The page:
Now this is a coincidence. This week's SADDA ADDA as well as TUTIYA DIL seem inspired, to an extent, by last year's sleeper hit PYAAR KA PUNCHNAMA. Not TUTIYA DIL as much, actually. But one can draw parallels between PYAAR KA PUNCHNAMA and SADDA ADDA for sure. Thankfully, one can't label SADDA ADDA as a mere imitation, since the film has its moments of sunshine and glory.
Like most films that focus on Gen X, one may assume that SADDA ADDA falls in the category of coming of age film with liberal doses of sex. Writer-director Muazzam Beg sets out to narrate a story about six buddies and how each of them encounters roadblocks and barriers, personally and professionally, while chasing their dreams. One of them, sadly, has a bitter end. It's more of a slice of life film that mirrors the hardships of the urban youth. Having said that, I'd like to add that SADDA ADDA isn't without its share of blemishes. More on that later!
SADDA ADDA is about how six bachelors, with completely different backgrounds and personalities, live together. Their apartment 'Sadda Adda' is a complete mess with empty beer bottles, cigarette butts, unwashed clothes, mattresses tossed all over the floor etc., yet they cook, clean, buy groceries, pay rent, laugh, cry, fight over insignificant issues and always stand up for each other -- like a family.
SADDA ADDA, actually, takes a long time to come to the point. In fact, there's not much movement in the story in the first hour, since it's devoted to establishing the characters and the bonhomie that the youngsters share. But Beg ensures that the first hour has its share of some wonderful, laden-with-wit moments that keep you engrossed. The turning point in the story comes at the interval point, expectedly.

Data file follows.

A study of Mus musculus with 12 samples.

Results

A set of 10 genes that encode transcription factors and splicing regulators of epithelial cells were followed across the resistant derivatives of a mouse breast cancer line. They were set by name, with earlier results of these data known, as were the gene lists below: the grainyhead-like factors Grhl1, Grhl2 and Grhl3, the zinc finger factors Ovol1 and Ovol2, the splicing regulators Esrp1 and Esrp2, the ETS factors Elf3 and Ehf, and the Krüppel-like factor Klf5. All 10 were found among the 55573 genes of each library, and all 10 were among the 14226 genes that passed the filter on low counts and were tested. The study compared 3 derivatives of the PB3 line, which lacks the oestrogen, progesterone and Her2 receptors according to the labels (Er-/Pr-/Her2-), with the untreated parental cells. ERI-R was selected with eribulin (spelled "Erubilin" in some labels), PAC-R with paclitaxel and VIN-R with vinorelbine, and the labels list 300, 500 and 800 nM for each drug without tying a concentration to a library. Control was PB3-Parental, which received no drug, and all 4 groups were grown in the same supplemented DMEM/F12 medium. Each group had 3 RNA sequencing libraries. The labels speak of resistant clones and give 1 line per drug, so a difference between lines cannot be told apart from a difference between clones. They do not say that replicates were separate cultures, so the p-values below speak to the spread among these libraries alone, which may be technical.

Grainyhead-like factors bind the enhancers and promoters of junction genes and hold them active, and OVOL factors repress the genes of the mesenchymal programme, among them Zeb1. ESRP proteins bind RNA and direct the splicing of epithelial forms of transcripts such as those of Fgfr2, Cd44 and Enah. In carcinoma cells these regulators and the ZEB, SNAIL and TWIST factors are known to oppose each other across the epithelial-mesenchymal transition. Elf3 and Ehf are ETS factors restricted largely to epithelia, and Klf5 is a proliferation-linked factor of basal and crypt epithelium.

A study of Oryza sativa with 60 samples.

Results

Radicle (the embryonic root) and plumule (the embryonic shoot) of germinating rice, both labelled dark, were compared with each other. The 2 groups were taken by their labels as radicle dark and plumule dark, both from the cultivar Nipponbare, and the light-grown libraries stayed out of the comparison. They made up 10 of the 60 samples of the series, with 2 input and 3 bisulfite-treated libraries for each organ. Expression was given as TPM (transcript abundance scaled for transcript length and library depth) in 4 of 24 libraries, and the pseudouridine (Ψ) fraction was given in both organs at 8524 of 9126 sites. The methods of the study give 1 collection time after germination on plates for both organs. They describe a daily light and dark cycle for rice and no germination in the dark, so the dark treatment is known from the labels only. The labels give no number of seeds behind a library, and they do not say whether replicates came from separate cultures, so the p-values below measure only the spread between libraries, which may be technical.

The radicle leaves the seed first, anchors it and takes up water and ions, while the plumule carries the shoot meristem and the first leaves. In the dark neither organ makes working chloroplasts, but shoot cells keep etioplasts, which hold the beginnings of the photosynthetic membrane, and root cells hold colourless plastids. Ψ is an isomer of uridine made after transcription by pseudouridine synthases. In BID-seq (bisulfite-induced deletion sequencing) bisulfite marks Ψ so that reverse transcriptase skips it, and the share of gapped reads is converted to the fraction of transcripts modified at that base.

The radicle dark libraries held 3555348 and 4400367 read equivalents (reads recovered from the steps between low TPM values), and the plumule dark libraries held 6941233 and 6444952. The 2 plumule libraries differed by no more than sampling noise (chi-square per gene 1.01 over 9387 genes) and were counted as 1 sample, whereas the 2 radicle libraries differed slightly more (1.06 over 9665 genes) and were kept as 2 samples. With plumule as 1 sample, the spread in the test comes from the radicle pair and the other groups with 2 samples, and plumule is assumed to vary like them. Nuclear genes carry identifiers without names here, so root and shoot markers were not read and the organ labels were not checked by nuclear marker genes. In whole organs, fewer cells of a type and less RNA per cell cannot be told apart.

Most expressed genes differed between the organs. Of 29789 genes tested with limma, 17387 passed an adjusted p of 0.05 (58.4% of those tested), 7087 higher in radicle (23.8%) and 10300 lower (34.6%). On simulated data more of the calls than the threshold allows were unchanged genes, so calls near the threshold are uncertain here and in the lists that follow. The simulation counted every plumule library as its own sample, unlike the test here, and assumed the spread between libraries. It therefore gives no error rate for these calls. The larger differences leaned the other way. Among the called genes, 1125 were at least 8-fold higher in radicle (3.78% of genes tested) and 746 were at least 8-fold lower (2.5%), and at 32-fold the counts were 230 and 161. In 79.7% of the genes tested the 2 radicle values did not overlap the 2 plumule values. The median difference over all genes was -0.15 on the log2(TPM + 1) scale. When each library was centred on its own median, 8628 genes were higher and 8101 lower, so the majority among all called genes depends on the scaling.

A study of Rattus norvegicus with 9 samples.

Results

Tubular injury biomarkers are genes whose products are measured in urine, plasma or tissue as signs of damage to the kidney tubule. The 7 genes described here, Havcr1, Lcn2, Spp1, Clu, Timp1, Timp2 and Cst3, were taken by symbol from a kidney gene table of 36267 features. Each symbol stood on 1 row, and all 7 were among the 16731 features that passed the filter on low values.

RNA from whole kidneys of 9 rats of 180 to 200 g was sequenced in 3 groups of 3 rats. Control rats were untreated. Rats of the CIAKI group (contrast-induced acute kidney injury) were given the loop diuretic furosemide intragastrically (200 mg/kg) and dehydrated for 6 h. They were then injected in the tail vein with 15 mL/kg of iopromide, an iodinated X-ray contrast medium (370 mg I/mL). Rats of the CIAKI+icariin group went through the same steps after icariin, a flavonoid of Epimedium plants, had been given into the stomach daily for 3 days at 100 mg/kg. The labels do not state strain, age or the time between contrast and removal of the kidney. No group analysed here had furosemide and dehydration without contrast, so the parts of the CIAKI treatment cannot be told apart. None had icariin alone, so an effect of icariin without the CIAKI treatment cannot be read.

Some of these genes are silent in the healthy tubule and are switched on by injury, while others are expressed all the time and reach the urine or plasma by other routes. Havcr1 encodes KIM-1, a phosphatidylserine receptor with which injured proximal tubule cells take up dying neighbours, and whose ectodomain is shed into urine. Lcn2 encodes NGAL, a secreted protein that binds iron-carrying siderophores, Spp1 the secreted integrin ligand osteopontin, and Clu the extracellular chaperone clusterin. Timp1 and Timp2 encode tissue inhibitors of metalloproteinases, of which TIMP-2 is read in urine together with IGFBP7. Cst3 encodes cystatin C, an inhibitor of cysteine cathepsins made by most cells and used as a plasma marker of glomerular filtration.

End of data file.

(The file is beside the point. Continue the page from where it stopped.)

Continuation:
It's in the post-interval portions that the wheels start moving. Nope, it's not a great script -- you can guess what's in store next at times -- but Beg handles the multiple stories maturely. The best sub-plot is that of Karanvir Sharma, who enacts the role of a failed actor and how he rises from the ashes. Rohin Robert's plot is abruptly cut short, while Bhaumik Sampat's story is predictable, yet relatable and Rohitt Arora's tale provides occasional laughs. The fifth story -- Kunal Pant -- lacks meat. Despite the hiccups, SADDA ADDA keeps you engaged in its second hour due to the twists and turns in the story. In fact, the penultimate 20 odd minutes are the mainstay of the film, with the emotional moments making you moist-eyed. The end, luckily, gives you a positive vibe.
While the cinematography is okay, the music gels well with the mood of the film. How one wishes the songs were aggressively promoted, prior to the release, especially the title track. The dialogue are funny and witty.
The boys are much better than the girls. Also because the girls have nothing substantial to do. Karanvir Sharma is the scene-stealer, while Bhaumik Sampat is a complete natural. Rohin Robert is decent, Rohitt Arora is alright, while Kunal Pant is fair. Parimal Aloke gets into the skin of the character. The girls opposite Karanvir [Shaurya Chauhan] and Bhaumik [Kahkkashan Aryan] are passable.
On the whole, SADDA ADDA is a decent attempt, but will have to rely on a strong word of mouth to sustain.